Our weekly roundup of news found at the intersection of media, politics, policy and technology, from the Shorenstein Center and from around the web. Sign up to receive Media and Politics Must Reads in your inbox each week. Also connect with us on Twitter and Facebook for more updates.
This Week at the Shorenstein Center
The Atlantic’s Vann R. Newkirk II on Race and Media in 2017. Vann R. Newkirk II, staff writer for The Atlantic, discussed Charlottesville, Jemele Hill’s remarks about President Trump, and the media’s shortcomings in its coverage of racial issues, among other topics, during a visit to the Shorenstein Center.
News from Fellows
Rap star LL Cool J, Democratic strategist Donna Brazile to be honored with Du Bois medal at Harvard. Congratulations to Donna Brazile, current Joan Shorenstein Fellow, who will receive the W.E.B. Du Bois Medal at the Hutchins Center Honors event in October. The award honors individuals who have made significant contributions to African and African American history and culture.
Too close for comfort: How social media changed how we talk to (and about) each other in America. Garance Franke-Ruta, fall 2006 fellow, writes that technological changes have “decreased perceived freedom of speech at the same time that they have magnified once marginal positions to create a novel public speech environment that can seem at once stiflingly conformist and shockingly extreme.”
How to Fight ‘Fake News’ (Warning: It Isn’t Easy). Kathleen Hall Jamieson, current Joan Shorenstein Fellow, says “If you have to repeat a lie, it’s best to limit the description of it,” in a New York Times article about one of her recent studies.
Honey, I Shrunk the Oval Office: Donald Trump’s not-so-imperial presidency. Zachary Karabell, fall 1997 fellow, writes: “The theoretical powers of the presidency may be vast, but the actual powers now appear to be far more constrained than they appeared. The question now is whether that is simply due to the ineptitude of the Trump administration or because the presidency was never quite as powerful as it appeared.”
NBC News Will Launch Coverage of Media Industry. John Huey, spring 2013 fellow, will contribute to digital and broadcast for the network’s new show.
Tech and Politics
- DC eyes tighter regulations on Facebook and Google as concern grows, from The Guardian.
- The rush — and risks — to regulating online political ads, from Axios.
- Facebook Knows More About Russia’s Election Meddling. Shouldn’t We? From The New York Times.
- Trump Is Using Targeted Facebook Ads To Reassure Supporters He Will Build The Border Wall, from BuzzFeed News.
- The Political Awakening of Silicon Valley: What happens when tech leaders, like Y Combinator’s Sam Altman, believe our system is broken? They treat it like a startup. From The California Sunday Magazine.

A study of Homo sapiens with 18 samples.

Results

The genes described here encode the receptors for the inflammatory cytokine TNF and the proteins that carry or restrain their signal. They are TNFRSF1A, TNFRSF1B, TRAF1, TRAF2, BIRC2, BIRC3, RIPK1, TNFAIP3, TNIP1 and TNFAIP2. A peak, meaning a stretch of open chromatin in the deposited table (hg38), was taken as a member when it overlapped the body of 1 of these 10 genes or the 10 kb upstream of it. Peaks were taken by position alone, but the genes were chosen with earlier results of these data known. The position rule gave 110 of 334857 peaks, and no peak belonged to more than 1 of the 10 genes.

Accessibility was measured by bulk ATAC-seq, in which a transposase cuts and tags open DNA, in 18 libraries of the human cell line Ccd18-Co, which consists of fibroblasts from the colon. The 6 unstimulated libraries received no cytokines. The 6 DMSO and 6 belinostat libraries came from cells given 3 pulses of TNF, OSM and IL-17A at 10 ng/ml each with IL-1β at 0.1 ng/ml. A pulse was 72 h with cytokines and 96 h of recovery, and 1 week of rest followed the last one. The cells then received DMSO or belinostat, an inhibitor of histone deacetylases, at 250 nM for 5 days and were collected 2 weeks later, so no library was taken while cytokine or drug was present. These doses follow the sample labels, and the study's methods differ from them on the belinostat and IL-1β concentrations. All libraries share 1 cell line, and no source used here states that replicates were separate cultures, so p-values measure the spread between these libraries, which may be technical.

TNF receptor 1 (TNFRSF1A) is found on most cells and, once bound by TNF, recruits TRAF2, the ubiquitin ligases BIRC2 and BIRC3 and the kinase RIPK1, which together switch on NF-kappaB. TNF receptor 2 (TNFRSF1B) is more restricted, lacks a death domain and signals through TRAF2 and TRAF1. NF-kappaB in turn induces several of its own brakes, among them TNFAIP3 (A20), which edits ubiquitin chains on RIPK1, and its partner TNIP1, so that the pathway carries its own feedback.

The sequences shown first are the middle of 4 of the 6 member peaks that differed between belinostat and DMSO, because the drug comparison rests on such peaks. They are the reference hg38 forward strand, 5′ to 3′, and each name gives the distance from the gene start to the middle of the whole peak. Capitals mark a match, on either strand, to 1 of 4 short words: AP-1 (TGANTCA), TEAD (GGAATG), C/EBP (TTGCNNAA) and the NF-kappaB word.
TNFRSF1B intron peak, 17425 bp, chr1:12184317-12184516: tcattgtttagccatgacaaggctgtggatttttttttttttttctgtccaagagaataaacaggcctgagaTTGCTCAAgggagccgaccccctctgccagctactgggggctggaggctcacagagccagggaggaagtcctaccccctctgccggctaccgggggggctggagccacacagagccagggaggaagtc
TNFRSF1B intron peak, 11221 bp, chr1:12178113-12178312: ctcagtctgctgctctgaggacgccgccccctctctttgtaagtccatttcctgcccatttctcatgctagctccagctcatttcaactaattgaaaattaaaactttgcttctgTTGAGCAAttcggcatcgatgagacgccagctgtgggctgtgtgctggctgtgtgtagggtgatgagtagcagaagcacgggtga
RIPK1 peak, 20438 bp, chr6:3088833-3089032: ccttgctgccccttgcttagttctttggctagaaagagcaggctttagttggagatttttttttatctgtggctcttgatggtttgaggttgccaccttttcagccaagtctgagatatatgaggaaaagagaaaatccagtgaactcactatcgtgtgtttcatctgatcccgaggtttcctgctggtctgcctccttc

GOP governors launch ‘news’ site critics call propaganda, from the Associated Press.
- The fight over Jemele Hill’s tweets won’t go away. It’s about truth and race in the Trump era. From The Washington Post.
- Women dominate journalism schools, but newsrooms are still a different story, from Poynter.
Racism and Social Media
- Facebook Enabled Advertisers to Reach ‘Jew Haters,’ from ProPublica.
- Facebook to tighten ad targeting after antisemitic ‘fail’, says Sheryl Sandberg, from The Guardian.
- Google Allowed Advertisers To Target People Searching Racist Phrases, from BuzzFeed News.
- Twitter Says It Fixed ‘Bug’ That Let Marketers Target People Who Use the N-Word, from The Daily Beast.
- Blame the Minder, Not the Machine: Facebook’s ad network lent itself to abuse by Russian hackers and racists. The problem has nothing to do with algorithms. From Slate.
Public Records and FOIA
- This search engine makes finding public records less painful, from Poynter.
- Governments turn tables by suing public records requesters, from the Associated Press.
- Request denied: States try to block access to public records, from the Associated Press.
- Lawmakers say they value open government. But not for themselves. From Columbia Journalism Review.
- Report for America aims to get 1,000 journalists in local newsrooms in next 5 years, from Poynter.
- To Philly and beyond: The Lenfest Institute announces $2 million in funding for local news projects, from Nieman Lab.
- How Amazon is becoming the third force in advertising, making the duopoly an oligopoly, from The Drum.
- Amazon Is Hungry and It’s Coming for Your Cable Channels, from NBC News.
- Facebook gives, but continues to take more from publishers, from Digiday.
- Publishers continue to see monetization problems with Apple News, from Digiday.
- FCC Seeks More Evidence For Sinclair-Tribune Deal Claims, from Multichannel News.
- Fake news probably won’t affect the outcome of Germany’s election. Here’s why. From Poynter.
- Media in the Middle East: A new study shows how the Arab world gets and shares digital news, from Nieman Lab.
- Facebook Faces a New World as Officials Rein In a Wild Web, from The New York Times.